Volume XVII, Issue 24 # June 18 - June 24, 2009

Sky Watch
by J. Alex Knoll

The Day of Short Shadows

Summer’s long days make for short nights

These are the longest days of the year, with the sky not darkening until well after 8:30 and leaving us with barely six hours of astronomically dark skies. When the sun does set, Saturn appears high in the south, while Jupiter this week rises just before midnight. But the week’s best attractions come before dawn.

This weekend’s solstice is reason enough to rise early and greet the sun, but early risers will enjoy more than the dawning day.

Set your alarm early Friday, and look to the east for the waning crescent moon, which rises before 3am. Close behind is ruddy Mars followed by brilliant Venus, which shines 150 times brighter than Mars. The planets are less than two degrees apart, with the moon five degrees to the north of Mars, all close enough for your fist at arm’s length to obscure them.

While these two planets remain within a couple degrees of one another over the coming week, the fading crescent moon rises more than a half-hour later each morning, amid the stars of the Pleiades Cluster early Saturday and huddled low against the horizon with Mercury early Sunday.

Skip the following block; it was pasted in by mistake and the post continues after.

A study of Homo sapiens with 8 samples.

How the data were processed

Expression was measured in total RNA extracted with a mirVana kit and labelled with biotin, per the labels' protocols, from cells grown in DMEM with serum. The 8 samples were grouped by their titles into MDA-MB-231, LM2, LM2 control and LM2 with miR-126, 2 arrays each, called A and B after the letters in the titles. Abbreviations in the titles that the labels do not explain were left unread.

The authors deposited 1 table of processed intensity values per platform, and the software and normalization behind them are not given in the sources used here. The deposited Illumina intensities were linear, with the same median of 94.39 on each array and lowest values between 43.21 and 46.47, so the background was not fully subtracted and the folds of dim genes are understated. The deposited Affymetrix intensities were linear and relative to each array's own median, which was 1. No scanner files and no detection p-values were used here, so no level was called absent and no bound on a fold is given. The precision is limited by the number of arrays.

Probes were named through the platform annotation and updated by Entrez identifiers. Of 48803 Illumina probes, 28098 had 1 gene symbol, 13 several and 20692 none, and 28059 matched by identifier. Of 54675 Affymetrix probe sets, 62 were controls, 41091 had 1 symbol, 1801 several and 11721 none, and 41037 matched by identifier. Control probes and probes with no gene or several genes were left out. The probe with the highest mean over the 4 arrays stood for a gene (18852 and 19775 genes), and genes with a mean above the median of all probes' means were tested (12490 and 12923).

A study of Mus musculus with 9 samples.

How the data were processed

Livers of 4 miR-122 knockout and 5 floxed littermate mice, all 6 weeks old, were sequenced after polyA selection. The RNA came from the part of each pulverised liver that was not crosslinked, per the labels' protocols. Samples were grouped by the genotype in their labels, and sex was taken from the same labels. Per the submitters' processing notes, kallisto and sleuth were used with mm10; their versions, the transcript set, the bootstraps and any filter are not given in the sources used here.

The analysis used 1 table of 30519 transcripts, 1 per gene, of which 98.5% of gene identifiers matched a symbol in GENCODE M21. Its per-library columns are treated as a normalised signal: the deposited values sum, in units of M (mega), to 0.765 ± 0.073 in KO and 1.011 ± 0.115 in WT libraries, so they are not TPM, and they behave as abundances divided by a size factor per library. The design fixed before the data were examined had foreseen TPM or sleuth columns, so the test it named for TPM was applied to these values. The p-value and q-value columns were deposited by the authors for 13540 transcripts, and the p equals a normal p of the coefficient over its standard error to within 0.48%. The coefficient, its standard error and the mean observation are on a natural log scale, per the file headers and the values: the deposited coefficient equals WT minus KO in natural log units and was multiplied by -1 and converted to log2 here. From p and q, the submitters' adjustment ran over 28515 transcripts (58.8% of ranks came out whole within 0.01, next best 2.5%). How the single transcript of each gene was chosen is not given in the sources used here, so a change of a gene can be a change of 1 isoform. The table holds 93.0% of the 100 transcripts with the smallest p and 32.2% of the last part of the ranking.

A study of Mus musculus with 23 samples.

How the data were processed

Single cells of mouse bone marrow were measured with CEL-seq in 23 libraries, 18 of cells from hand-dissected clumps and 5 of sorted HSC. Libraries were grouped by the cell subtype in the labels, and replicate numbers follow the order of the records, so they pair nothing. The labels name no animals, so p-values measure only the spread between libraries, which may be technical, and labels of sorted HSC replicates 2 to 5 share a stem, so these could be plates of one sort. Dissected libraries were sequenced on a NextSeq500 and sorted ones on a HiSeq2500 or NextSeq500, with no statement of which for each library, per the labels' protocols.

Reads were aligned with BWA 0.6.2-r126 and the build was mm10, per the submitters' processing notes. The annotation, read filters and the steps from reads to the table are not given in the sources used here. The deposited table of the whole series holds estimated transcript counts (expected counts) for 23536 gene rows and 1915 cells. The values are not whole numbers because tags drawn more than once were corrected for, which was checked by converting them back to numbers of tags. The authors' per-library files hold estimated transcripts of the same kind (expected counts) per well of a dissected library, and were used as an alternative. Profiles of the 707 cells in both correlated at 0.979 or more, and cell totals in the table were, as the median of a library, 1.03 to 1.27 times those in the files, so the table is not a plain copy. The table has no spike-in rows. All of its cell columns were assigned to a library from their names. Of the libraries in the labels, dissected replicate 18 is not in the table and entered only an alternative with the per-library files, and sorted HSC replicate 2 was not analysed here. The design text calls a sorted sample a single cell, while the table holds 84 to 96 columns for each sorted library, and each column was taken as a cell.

Saturday is the longest day of the year, with summer solstice at 1:46am Sunday morning. The higher the sun rises in the sky, the more distance it travels from one horizon to the other. On the day of summer solstice, the sun rises at its farthest point north in the eastern sky, arching steeply through the day until nearly overhead at noon, casting sharp, short shadows. There, at its apex, the sun appears to pause, then finally angles downward, setting at its most northern point in the west roughly 14 hours and 54 minutes later.

Illustration: © Copyright 1925 M.C. Escher/Cordon Art-Baarn-Holland; Graphics: © Copyright 2009 Pacific Publishers. Reprinted by permission from the Tidelog graphic almanac. Bound copies of the annual Tidelog for Chesapeake Bay are $14.95 ppd. from Pacific Publishers, Box 480, Bolinas, CA 94924. Phone 415-868-2909. Weather affects tides. This information is believed to be reliable but no guarantee of accuracy is made by Bay Weekly or Pacific Publishers. The actual layout of Tidelog differs from that used in Bay Weekly. Tidelog graphics are repositioned to reflect Bay Weekly’s distribution cycle.Tides are based on National Oceanic and Atmospheric Administration and are positioned to coincide with high and low tides of Tidelog.